This year the West Virginia Supreme Court returns to the campus of Marshall University to hear cases as part of Marshall’s celebration of Constitution Week.
In 2004, Senator Robert C. Byrd of West Virginia sponsored legislation designating September 17th of each year as Constitution Day. The goal of Constitution Day is to promote a better understanding of our government’s founding document. Each year public schools throughout the country, including Marshall University, host a series of Constitution-themed events. This year Marshall will be sponsoring lectures, games, and an essay contest focusing on the NSA’s collection of telephone metadata.
In conjunction with Marshall’s other Constitution Week activities, the Supreme Court will sit in Huntington on September 16th and hear oral argument in four cases. These cases raise a wide variety of legal issues. In the first case, the Court must decide whether municipalities in West Virginia have the power to order a dog to be destroyed. The second case challenges the constitutionality of the procedure used to determine a criminal defendant’s competency to stand trial. The Court will also consider the impact of alleged picket line violence on an employee’s right to recover unemployment compensation. In the final case, a prison inmate was charged with murdering a fellow inmate. In his appeal, he alleges that the trial court erred by requiring his witnesses, all of whom were convicted felons, to testify by video conference instead of appearing in open court.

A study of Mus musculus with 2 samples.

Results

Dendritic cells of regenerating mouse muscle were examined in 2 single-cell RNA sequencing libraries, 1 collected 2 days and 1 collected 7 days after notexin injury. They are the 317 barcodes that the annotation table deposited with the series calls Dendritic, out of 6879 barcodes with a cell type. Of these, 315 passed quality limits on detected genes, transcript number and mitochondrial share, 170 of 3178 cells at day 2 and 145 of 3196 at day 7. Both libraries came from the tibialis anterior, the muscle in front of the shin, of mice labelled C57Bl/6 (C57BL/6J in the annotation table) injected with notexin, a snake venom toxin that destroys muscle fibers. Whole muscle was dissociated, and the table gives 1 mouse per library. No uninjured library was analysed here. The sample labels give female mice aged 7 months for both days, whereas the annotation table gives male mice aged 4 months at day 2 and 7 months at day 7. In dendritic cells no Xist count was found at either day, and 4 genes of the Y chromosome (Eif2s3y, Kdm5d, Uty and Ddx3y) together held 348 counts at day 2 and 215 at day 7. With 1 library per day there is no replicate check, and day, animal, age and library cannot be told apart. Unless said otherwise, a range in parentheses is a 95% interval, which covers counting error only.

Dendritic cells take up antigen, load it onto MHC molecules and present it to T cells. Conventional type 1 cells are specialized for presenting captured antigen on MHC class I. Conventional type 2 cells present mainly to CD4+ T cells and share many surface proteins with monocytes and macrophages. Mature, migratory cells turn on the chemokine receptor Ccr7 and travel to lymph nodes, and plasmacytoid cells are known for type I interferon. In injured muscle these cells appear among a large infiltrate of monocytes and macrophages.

The Supreme Court has been a longtime advocate of community involvement. By coming to Marshall’s campus, the Court provides a rare and valuable opportunity for students of all ages to see West Virginia’s court system with their own eyes. For those who may be interested in watching the arguments on September 16th remotely, the Court will broadcast its proceedings via webcast. Just go to http://www.courtswv.gov and follow the prompts.